On Thursday the Northern Line of London Underground was shut down, after drivers stopped work amid safety fears. The previous day saw a train run through a red light at Mill Hill East, and its emergency breaks failed – the fifth such incident on the Northern Line. By any objective criteria, such a deficiency constitutes a true and substantial safety risk to workers and commuters alike, justifying – indeed, necessitating – immediate suspension of the line in order to take steps to remedy the fault. This seems reasonable enough – except, that is, in the blinkered world-view of London’s biggest newspaper, the Evening Standard, which has once again sought to capitalise on the discomfort experienced by commuters to pursue its vendetta against all things Trade Union.
On the same day that Pakistani villagers excavated the bodies of their young children from the rubble of their schools, the evening edition of the Standard decried the “RAIL MISERY” imposed upon Londoners by the staff action. All suffering is, of course, relative; but even taken at its very worst the effect of the action can at most be considered a major inconvenience, and the use of the word “misery”, applied with tiresome regularity by the same handful of sub-editors, is an affront to decency. And it is the character of these journalists, and in particular the agendas that motivate them, which must be considered any time we set eyes on their doomful banner headlines and on the Evening Standard stands which punctuate the roads and high streets of London.
As far as their character is concerned, they are generally quite passive, in that they will readily accept the most crippling inconveniences imposed upon the population when they are imposed by the coercive arms of the state, or by corporate necessity. Their moral outrage does not extend to police blockades of demonstrators, indefinite detention or the overriding of community housing interests by corporate priorities. It does not extend, in other words, to taking on the powerful. Their righteous indignation will, however, be aroused if the inconveniencing has arisen from the actions of a body characterised by notions of collectivity, ballots and suchlike – in a word, democracy. Any decision-making by anyone outside of a state or corporate position is an affront to their ideals. So it becomes necessary to attempt to convince Londoners that, because for this one day they shall have to take a couple of buses to work instead of the usual Tube train, they are suffering some awful collective misery.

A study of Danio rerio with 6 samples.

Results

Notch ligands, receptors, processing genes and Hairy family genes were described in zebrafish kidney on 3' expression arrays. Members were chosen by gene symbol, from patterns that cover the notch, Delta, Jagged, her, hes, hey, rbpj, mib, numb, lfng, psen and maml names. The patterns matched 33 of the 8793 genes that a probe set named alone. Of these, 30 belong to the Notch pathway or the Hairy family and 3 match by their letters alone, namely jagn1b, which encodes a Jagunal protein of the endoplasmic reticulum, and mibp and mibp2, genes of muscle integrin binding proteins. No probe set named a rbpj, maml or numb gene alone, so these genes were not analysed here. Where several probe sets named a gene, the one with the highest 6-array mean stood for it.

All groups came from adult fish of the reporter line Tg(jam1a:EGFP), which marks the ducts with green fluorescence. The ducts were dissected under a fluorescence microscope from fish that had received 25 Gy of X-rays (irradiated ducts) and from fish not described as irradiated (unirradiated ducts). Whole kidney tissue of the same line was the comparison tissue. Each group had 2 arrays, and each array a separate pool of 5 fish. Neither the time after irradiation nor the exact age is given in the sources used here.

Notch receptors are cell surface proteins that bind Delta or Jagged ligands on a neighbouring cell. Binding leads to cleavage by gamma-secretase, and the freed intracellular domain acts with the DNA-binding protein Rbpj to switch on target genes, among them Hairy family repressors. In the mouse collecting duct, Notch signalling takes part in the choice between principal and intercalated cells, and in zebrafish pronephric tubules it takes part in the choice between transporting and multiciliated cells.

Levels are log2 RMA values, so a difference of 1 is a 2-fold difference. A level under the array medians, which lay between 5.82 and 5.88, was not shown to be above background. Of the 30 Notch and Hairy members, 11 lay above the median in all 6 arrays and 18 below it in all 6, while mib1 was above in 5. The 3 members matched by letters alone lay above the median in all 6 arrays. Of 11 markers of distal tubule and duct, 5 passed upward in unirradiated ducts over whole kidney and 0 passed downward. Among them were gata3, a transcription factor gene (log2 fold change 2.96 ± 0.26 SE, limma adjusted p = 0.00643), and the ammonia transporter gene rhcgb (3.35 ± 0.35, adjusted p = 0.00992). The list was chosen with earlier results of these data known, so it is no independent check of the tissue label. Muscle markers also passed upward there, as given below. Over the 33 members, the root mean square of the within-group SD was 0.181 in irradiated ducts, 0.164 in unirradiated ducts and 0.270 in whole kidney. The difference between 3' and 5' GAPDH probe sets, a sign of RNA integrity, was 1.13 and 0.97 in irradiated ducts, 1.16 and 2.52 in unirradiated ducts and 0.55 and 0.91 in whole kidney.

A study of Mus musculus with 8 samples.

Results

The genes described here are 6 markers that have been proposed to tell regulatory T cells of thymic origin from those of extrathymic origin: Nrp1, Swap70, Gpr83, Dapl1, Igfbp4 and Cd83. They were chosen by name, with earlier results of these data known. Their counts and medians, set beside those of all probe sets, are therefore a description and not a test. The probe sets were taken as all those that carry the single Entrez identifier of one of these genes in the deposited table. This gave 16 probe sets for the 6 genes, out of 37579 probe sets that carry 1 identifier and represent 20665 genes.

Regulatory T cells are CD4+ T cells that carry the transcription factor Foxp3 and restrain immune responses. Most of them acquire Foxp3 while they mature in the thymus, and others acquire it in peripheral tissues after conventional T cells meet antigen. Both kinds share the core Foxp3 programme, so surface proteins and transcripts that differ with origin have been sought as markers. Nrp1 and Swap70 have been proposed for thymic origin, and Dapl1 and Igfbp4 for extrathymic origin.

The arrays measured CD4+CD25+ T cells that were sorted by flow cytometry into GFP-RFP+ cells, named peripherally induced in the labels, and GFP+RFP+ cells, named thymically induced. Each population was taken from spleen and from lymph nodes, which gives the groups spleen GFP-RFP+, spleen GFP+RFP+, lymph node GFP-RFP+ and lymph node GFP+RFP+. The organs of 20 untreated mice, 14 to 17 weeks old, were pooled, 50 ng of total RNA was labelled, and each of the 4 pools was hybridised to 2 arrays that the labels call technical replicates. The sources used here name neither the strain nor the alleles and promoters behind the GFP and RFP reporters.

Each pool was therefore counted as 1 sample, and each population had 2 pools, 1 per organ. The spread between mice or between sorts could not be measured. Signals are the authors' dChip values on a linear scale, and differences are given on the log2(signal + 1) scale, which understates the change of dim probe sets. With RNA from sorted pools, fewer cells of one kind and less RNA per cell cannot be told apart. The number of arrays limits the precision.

And this is, of course, a politically-motivated policy aimed at turning Londoners against the RMT, even though the action will have almost certainly helped prevent an awful disaster which the Standard would have solemnly branded a “tragedy” before heroically demanding answers. With a view to establishing the importance of dealing with safety faults on rail lines, the people at Associated Newspapers – the Nazi-supporting, crypto-racist cowards responsible for the Daily Mail and the Evening Standard – might like to consult the victims of Paddington and Hatfield on their definition of “rail misery”; they would do well to consider that “rail misery” is seeing a loved one pulled from the wreckage of a train carriage. Being an hour or so late for work is something rather substantially different.